Runaway Slaves

Reproduction of a picture depicting a fugitive slave that is typical of the images that appeared on handbills of southern slave owners searching for escaped slaves. It appeared in the New York paper, The Anti-Slavery Record, in July 1837. The paper was published by the American Anti-Slavery Society. The image was collected by Ohio State University professor Wilbur H. Siebert (1866-1961). Siebert began researching the Underground Railroad in the 1890s as a way to interest his students in history.

Before the American Civil War, a large number of runaway slaves passed through Ohio. One of the major reasons runaway slaves came to Ohio was the Underground Railroad. The Underground Railroad was a system of safe houses and hiding places connecting the slave-holding South to freedom in Canada. Caucasian and African American "conductors" served as guides along the way.

Members of the Society of Friends called Quakers were actively assisting runaway slaves as early as the 1780s. People residing in Ohio began playing a major role in the anti-slavery movement by the 1810s. Levi Coffin and John Rankin were two of Ohio's more important participants in the Underground Railroad. Historian Wilbur Siebert estimates that three thousand miles of Underground Railroad trails ran through Ohio.

Not all runaway slaves chose to remain in Ohio. Although slavery was illegal in Ohio, a number of people still opposed the ending of slavery. Many of these people also were opposed to the Underground Railroad. Some people attacked conductors on the Underground Railroad or returned runaway slaves to their owners in hopes of collecting rewards. To truly win their freedom, runaway slaves had to flee all of the way to Canada.

Prior to statehood and the growth of cities, many runaway slaves lived with friendly Native Americans. Many African Americans hoped that whites, already fearful of Native Americans, would not look for them among the natives. During the late 1700s and the early 1800s, many African Americans settled in Upper Sandusky with the Wyandot natives.

Many African Americans moved to the rapidly growing towns and cities of Ohio. Most African Americans had little money and could not afford to purchase land to become farmers. They hoped to find jobs in the cities and become factory workers or skilled artisans. Less fortunate African Americans took poorer paying jobs as housekeepers, waiters, and day laborers. Most African American people usually lived in the same neighborhoods. They did this partly out of fear of slave owners and also because many people did not want African Americans living in other parts of the cities. Race riots sometimes occurred, especially if it seemed that African Americans were gaining too much power or taking jobs from white workers. In 1829, a riot occurred in Cincinnati because Irish immigrants disliked competition from the African American community. The next year, Portsmouth residents forced approximately eighty African Americans to leave the community. Sometimes African Americans formed their own towns. Such was the case for Carthagena in Mercer County. During the 1840s, local residents forced the African American settlers to leave the area.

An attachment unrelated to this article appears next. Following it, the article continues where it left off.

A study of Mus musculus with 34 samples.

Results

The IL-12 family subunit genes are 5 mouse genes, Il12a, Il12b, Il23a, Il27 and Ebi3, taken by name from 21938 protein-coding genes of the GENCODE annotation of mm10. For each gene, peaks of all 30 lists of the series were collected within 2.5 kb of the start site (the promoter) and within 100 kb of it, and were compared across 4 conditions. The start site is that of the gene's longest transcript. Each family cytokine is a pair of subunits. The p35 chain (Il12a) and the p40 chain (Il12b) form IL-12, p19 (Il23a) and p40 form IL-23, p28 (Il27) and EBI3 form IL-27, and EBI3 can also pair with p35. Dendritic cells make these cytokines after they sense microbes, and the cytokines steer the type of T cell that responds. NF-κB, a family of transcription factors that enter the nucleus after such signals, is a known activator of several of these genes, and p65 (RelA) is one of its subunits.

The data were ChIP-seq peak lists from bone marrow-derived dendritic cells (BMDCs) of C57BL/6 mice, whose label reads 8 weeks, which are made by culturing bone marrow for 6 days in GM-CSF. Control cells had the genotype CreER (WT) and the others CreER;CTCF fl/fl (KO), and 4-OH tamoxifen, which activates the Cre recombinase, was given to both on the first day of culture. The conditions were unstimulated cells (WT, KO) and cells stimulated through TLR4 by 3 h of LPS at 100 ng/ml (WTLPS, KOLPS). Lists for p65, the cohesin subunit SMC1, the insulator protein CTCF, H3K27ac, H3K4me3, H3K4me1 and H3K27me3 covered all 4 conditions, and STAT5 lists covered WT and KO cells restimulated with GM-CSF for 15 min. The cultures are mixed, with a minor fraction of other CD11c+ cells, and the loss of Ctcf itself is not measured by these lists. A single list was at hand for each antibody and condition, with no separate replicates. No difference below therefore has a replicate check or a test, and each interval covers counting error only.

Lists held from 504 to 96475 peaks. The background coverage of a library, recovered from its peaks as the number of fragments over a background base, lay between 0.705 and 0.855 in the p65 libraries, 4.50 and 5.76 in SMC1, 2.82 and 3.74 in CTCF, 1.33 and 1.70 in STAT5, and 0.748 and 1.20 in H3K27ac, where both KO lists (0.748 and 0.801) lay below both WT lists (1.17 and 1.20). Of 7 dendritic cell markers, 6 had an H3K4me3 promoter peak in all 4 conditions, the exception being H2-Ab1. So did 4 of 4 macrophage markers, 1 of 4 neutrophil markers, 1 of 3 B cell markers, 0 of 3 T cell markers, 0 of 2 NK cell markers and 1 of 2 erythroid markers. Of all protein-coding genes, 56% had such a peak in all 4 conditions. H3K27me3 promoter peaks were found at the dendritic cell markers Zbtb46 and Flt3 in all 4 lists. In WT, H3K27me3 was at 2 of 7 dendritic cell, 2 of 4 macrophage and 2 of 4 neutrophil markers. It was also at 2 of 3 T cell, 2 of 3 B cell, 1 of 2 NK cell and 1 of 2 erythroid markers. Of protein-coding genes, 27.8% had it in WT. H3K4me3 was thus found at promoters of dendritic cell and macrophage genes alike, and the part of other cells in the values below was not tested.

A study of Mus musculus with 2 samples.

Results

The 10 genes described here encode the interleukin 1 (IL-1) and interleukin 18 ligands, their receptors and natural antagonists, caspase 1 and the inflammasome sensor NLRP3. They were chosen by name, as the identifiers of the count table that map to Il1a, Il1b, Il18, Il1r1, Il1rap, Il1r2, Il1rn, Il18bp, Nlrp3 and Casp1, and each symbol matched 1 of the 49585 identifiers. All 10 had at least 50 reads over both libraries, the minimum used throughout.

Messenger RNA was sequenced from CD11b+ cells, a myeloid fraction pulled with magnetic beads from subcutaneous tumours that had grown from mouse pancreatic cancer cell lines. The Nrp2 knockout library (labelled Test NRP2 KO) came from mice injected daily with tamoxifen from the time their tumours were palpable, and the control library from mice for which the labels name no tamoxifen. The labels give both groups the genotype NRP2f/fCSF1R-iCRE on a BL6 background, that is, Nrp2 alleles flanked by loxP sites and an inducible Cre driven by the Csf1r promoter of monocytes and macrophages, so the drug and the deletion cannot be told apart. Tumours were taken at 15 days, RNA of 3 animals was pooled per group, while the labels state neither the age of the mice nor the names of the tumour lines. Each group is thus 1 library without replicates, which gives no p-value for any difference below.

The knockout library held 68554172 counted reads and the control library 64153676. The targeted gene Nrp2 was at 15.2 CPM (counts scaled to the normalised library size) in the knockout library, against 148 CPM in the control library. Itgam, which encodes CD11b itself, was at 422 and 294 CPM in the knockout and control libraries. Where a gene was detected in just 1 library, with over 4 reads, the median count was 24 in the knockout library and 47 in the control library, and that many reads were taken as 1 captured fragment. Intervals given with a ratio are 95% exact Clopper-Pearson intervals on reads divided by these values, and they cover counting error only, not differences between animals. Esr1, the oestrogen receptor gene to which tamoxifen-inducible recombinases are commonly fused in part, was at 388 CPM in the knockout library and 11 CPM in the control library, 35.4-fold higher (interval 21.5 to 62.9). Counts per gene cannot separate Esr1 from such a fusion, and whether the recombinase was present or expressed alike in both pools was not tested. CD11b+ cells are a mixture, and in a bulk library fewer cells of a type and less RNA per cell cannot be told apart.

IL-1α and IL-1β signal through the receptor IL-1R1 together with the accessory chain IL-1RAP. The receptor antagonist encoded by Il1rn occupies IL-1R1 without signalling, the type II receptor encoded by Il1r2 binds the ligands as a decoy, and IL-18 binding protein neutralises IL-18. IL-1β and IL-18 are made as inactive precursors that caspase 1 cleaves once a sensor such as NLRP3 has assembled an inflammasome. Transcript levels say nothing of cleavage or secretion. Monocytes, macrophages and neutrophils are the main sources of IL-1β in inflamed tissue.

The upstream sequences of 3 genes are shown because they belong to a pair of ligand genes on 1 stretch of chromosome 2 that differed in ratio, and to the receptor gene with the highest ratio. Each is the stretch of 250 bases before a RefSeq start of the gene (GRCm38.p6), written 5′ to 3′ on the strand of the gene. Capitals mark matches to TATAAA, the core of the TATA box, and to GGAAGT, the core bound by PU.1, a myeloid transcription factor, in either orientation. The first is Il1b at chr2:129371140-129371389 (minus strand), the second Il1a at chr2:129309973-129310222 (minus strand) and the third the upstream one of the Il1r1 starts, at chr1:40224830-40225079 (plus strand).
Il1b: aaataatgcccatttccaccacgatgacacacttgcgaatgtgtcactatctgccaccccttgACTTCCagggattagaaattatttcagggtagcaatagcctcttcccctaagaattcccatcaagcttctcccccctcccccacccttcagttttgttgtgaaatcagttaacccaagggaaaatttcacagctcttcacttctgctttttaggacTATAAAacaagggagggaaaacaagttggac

After statehood in 1803, the Ohio General Assembly enacted a number of laws limiting the rights of African Americans. The Ohio Constitutional Convention of 1803 prohibited African American men from voting. This right failed to reach approval by a single vote.

Women of all races could not vote in Ohio. African American men could not enlist in the militia, serve on juries, testify in court against whites, receive assistance at the "poor house," or send their children to public schools. In 1804, the Ohio General Assembly passed a law requiring all African Americans to post a bond of five hundred dollars to insure their good conduct. Despite these restrictions, many African American people continued to come to Ohio. By 1860, almost thirty-seven thousand African Americans lived in Ohio.